Airmen with the 603rd Air Control Squadron offer salute during a ceremony Friday to remember the five unit members who have died since the squadron moved to Aviano in 1994. (Kent Harris / S&S)

Airmen with the 603rd Air Control Squadron offer salute during a ceremony Friday to remember the five unit members who have died since the squadron moved to Aviano in 1994.

Airmen with the 603rd Air Control Squadron offer salute during a ceremony Friday to remember the five unit members who have died since the squadron moved to Aviano in 1994. (Kent Harris / S&S)

Courtney Garmon looks at the memorial plaque dedicated to her son, Airman 1st Class Antoine Holt, just after it was unveiled Friday in a ceremony at Aviano Air Base. Holt, a member of the 603rd Air Control Squadron, was killed in a mortar attack in Iraq in April, 2004.

Courtney Garmon looks at the memorial plaque dedicated to her son, Airman 1st Class Antoine Holt, just after it was unveiled Friday in a ceremony at Aviano Air Base. Holt, a member of the 603rd Air Control Squadron, was killed in a mortar attack in Iraq in April, 2004. (Kent Harris / S&S)

AVIANO AIR BASE, Italy — Memorial Day came a little more than a week early for the 603rd Air Control Squadron.

The unit, known as the Scorpions, invited the rest of the base population to join them in remembering five airmen from the squadron who died since the 603rd came to Aviano in 1994.

Among them was Airman 1st Class Antoine Holt, who was killed in April 2004 during a mortar attack at Balad Air Base, Iraq. Holt is the only airman assigned to Aviano who has died in Iraq or Afghanistan.

Holt’s mother, Courtney Garmon, sister and stepfather flew from the States to attend the event.

“My baby lives through each and every one of you,” she said near the end of an emotional speech.

“Antoine’s gone, but not forgotten, and this ceremony proves that,” Sheldon Garmon said.

Several other airmen who were with Holt when he died attended the ceremony. Scott Palomino, a senior airman who lost his left leg below the knee, visited the base for the first time since deploying to Iraq.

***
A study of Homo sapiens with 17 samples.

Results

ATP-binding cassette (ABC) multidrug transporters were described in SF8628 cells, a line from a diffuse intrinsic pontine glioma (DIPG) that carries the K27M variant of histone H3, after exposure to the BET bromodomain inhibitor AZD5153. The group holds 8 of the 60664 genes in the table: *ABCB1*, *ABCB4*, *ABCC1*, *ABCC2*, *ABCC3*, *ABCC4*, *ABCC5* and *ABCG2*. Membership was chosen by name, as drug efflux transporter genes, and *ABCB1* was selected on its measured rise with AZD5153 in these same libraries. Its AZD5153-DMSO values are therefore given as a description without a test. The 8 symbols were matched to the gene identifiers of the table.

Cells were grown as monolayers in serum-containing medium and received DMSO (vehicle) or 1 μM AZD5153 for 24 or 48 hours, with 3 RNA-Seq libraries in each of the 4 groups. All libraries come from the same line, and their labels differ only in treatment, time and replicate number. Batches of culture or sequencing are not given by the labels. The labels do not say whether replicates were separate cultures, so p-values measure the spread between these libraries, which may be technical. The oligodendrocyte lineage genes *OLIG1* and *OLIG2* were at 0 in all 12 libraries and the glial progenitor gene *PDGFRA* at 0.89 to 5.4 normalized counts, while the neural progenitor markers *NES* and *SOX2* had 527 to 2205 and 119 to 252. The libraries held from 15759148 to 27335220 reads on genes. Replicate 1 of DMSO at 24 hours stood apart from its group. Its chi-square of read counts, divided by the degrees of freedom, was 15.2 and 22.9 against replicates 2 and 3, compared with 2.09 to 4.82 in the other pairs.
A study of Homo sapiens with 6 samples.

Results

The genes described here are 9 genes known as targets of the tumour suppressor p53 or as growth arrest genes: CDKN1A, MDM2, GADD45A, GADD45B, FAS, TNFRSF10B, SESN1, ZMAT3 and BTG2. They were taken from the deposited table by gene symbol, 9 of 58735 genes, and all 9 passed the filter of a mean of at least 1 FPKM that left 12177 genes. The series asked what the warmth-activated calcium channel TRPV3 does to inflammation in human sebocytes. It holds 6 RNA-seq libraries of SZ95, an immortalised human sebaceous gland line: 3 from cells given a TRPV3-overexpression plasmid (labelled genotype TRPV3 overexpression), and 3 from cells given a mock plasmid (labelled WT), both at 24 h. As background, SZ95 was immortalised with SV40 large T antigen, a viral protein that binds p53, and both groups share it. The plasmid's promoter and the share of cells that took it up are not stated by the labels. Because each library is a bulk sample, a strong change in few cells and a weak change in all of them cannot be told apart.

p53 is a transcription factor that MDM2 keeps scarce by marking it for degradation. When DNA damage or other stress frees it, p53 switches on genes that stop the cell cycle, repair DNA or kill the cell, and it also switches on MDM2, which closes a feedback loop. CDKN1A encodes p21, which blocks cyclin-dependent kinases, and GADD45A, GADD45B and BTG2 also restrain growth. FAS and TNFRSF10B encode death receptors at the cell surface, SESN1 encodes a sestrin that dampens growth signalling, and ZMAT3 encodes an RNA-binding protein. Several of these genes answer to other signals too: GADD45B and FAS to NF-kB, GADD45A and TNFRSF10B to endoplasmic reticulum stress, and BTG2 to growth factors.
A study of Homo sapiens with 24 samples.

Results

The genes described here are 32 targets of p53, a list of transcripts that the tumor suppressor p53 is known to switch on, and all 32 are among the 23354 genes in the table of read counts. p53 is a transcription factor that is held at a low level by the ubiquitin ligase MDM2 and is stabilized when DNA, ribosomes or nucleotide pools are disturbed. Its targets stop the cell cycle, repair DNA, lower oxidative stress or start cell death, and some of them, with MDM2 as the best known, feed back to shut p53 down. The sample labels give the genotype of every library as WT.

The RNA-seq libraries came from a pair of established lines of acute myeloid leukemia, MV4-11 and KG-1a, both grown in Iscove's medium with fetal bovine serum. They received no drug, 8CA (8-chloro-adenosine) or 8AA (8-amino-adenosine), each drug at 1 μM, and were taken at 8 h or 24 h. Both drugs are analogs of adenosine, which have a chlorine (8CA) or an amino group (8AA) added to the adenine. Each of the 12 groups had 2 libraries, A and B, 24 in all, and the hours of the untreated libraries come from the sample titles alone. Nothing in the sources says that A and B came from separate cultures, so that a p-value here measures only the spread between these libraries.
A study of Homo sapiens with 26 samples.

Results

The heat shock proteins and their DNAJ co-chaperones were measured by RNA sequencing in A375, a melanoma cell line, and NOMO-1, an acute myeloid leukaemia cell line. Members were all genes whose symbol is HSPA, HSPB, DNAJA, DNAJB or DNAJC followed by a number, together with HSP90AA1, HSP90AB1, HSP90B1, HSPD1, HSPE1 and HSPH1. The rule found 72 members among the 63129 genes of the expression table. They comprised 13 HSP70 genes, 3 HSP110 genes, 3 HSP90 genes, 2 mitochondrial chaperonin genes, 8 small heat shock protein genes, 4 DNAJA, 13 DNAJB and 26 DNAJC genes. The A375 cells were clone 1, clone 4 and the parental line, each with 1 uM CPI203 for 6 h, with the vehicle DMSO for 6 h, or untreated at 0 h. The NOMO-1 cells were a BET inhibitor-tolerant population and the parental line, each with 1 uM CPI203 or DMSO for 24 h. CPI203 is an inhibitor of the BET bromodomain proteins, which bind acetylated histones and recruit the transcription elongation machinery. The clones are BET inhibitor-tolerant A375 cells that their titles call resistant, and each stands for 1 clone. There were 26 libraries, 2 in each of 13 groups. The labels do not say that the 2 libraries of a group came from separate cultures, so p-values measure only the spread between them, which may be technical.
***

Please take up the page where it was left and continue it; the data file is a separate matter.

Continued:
“I was a little nervous about coming back,” said Palomino, who left the Air Force and is attending college. “But walking around the base and seeing people has really brought back some memories.”

Several airmen shared their memories of Holt, a popular young airmen who was killed while sleeping in his tent.

“He was a young man full of talent, dedicated to his job,” said Tech. Sgt. Roger Thornton. “But, more importantly, he was a wonderful person.”

Tech Sgt. Robert Gibbons said he could have been in that tent, but he was temporarily back in the States. “We became a family down there,” he said. “We all lost that night.”

Lt. Col. Jennifer Spears, the squadron commander, said the ceremony and open house were held both to remember the five fallen airmen and to help those still in the squadron gain some closure.

The other four airmen from the 603rd died in noncombat situations. There were:

Senior Airman Christopher Croft was killed in June 1994 while riding his bicycle to the base.

1st Lt. Michael Lacy died in a motorcycle accident in February 1999.

Airman 1st Class Shaun Anderson died in a car accident in January 2000.

Staff Sgt. Ricardo Duran died in an asthma attack in November 2005 shortly after leaving the squadron.

Two soldiers assigned to Aviano also have died in Iraq.